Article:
As flight prices climb, flying to your summer vacation destination may not be as appealing as the other alternative — a road trip.

You can pack some snacks, put together a playlist and enjoy life on the open road with your family or friends for a few days. Planning a road trip can be daunting — there’s no Expedia for it — but you can make your road trip work for you.

One of the advantages of the road trip is it works for both spontaneous people and planners. If spur of the moment stops and surprises work for you, you can plan to be spontaneous. If you like having everything meticulously planned, you can do that as well.

Here’s a guide to road trips for this summer.


It depends on distance, the amount of people and whether or not you’re splitting the cost. The big costs on road trips are gasoline, food and lodging.

You can use tools like Be Frugal’s Fly or Drive calculator to see what’s the best option or you can calculate it manually. Road tripping with family or friends can be economically savvy because chances are the price of gas will still be less than the combined total of all the plane tickets you’ll need. It’s still worth it to check.

Be prepared for unexpected costs when you road trip. You may need an oil change or extra washer fluid or other car repairs. Before leaving, you’ll want to check the fluids of your car and make sure your car is running properly. It’s important to also make sure you have tools like jumper cables or a blanket in your trunk.

Where should I go on a road trip?

Road trips can be to destinations near or far — there are many different combinations of destinations you can have.

If you want to do a road trip to a particular place like a beach or a national park and then stay there for a couple days, you can find one near you. You can also map out a road trip where you have multiple stops along the way, such as historical markers and museums.

Here are the 11 most popular road trips, according to AAA.

  • Southern New England.
  • Northern Arizona canyons.
  • Natchez Trace Parkway.
  • Hershey, Pennsylvania.
  • Southern Arizona.
  • Southern California.
  • Northern California and Southern Oregon coast.
  • Las Vegas, Grand Canyon and Bryce Canyon.
  • Smoky Mountains.
  • Grand Pacific Northwest.
  • Blue Ridge Parkway in North Carolina.

You can customize your road trip destination based on your hobbies. Say you’re a fan of history, you can pick an area of the country to road trip to learn more about the history there. If you like art, you can pick a route which has many art museums along the way — there are many different variations of a trip you can take.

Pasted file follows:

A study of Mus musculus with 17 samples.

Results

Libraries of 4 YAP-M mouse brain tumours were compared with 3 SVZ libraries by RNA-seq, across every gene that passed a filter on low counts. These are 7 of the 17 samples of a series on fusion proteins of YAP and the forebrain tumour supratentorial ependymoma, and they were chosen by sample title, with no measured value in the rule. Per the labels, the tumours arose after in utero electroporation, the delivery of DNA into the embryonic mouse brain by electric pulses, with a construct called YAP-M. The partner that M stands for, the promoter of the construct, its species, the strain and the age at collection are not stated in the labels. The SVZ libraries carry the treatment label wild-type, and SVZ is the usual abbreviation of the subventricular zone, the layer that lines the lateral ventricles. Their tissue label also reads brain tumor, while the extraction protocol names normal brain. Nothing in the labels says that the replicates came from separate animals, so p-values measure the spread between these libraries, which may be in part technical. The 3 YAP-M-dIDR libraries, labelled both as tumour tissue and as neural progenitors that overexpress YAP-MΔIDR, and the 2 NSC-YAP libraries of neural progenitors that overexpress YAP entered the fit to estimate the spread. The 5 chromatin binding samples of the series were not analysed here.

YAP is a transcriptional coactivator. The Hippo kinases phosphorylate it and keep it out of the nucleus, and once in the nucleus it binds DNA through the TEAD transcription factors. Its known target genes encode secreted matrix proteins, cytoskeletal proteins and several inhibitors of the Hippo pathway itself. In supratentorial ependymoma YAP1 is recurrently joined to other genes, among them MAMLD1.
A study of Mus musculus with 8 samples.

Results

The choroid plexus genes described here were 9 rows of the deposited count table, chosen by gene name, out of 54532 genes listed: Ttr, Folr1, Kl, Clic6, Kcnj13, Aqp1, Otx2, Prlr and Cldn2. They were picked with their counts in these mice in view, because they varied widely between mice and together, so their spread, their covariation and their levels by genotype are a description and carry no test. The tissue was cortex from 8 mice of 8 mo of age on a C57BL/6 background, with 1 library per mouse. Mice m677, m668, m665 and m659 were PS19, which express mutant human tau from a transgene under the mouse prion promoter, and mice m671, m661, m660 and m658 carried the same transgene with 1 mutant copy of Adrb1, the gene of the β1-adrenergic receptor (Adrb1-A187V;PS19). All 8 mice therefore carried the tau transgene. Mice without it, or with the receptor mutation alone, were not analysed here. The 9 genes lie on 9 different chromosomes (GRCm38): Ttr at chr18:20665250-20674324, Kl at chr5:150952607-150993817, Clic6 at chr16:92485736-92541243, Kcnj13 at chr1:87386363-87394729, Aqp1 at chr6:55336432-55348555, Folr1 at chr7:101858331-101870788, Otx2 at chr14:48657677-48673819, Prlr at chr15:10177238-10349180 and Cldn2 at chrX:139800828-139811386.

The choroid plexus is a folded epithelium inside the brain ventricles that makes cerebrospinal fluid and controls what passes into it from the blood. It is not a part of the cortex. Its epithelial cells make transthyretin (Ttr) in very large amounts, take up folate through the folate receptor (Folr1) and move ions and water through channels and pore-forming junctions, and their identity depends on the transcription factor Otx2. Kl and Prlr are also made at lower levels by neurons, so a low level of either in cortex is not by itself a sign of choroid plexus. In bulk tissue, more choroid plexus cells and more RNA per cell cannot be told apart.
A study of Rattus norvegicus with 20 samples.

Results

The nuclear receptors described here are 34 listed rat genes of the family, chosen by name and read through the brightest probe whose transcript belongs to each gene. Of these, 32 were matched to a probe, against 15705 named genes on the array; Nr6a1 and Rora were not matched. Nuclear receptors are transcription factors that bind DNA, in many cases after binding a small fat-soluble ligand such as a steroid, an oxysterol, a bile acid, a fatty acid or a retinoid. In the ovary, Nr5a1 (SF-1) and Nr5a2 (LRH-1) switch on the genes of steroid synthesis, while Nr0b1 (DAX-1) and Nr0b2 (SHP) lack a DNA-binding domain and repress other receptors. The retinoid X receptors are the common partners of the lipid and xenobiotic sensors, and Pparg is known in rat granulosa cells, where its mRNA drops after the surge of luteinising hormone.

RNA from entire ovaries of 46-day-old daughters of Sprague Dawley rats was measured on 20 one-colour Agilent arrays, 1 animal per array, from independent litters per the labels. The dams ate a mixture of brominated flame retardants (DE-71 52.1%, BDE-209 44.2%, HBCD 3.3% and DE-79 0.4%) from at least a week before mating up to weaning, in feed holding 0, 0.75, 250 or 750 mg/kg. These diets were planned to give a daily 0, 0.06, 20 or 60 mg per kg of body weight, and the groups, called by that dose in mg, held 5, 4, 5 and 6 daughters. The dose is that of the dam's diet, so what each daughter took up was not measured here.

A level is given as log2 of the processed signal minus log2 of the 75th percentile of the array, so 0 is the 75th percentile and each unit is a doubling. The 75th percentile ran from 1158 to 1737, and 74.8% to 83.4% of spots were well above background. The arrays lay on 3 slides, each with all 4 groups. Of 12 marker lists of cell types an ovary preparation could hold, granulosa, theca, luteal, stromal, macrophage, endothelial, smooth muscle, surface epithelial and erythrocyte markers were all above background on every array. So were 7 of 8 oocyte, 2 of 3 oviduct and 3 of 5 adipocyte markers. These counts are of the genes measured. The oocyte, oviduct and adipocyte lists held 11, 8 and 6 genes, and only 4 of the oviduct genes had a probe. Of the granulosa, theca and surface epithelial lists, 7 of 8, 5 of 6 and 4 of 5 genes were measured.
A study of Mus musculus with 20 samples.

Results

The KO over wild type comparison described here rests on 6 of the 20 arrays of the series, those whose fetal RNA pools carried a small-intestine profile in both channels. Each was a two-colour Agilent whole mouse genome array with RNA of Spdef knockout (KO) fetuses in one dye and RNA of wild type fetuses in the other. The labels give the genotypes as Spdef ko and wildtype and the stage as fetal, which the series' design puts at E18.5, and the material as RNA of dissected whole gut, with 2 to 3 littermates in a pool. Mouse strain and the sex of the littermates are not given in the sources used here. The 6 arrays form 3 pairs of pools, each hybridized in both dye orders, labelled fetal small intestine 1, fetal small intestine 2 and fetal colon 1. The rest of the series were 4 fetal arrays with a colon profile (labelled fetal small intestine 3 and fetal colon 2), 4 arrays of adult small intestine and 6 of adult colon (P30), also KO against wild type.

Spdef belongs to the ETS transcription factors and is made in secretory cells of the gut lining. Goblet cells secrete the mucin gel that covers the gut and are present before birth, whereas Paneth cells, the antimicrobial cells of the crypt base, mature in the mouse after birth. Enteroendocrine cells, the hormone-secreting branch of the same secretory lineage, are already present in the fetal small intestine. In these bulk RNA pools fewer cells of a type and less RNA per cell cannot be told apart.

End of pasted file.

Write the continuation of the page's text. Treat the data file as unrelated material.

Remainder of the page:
How many hours a day should your drive on a road trip?

Conventional wisdom, according to Open Road Odysseys, says eight hours of driving a day is reasonable for one driver. There are a few things to think about — if you have multiple drivers, you can switch off driving. If you’re driving at night, it can be easy to become drowsy and driving drowsy may pose some safety risks.

Driving for long periods of time can also make you feel tired. It’s important to make sure you are awake and alert while driving, so planning driving around that is important. Taking breaks when driving long distances is important so you can refocus on the road after your break. If you have younger kids, your driving times will likely need to shorten, too.

What do I need planned for a road trip?

There are a few things you’ll need planned for a road trip.

  1. Gasoline and stops. When planning the route to your destination(s), you’ll want to plan out where you can stop for a while, get some gasoline for your car and maybe pick up some water. Some stretches of road can be long before you see another rest stop or gas station, so it’s important to think ahead.
  2. Safety of your car. Make sure to check to see if your car is safe to drive long distances and has all the necessary repairs and fluids before embarking on your journey.
  3. Lodging. You’ll want to reserve hotels along the way (depending on the length of your trip) and at your destination. Hotel reservations ideally should be done in advance so you don’t end up in a town where all hotels are sold out. If you plan on camping, be sure to have sufficient sleeping bags for night temperatures and make sure you’re aware of how to safely store your food (bear-resistant canisters may be needed).
  4. Food. This one can be spontaneous or planned out, depending on your preference, but you’ll want to make sure you have a plan for if you’re going to keep some food in a cooler to eat or if you’re going to buy groceries at your destination. Be sure to have a way to safely store food (and change out the ice) or you know there are open restaurants in the area your travels take you.
  5. Bring a map. It’s old-school, but having a map can be important if you lose signal or your phone runs out of battery. You might not use it, but it’s a valuable tool.
  6. Bring some cash. Old-school again, but you never know. When you’re traveling to a new location, it’s possible the cute little restaurant you were dying to go to only accepts cash or you’ll need it for an emergency.
  7. Make an emergency kit. Fill it with supplies for everyone in the car. Supplies like Band-Aids, nonperishable foods, repair kit, a blanket, a tent, a flashlight and other emergency supplies can help you in case you need them.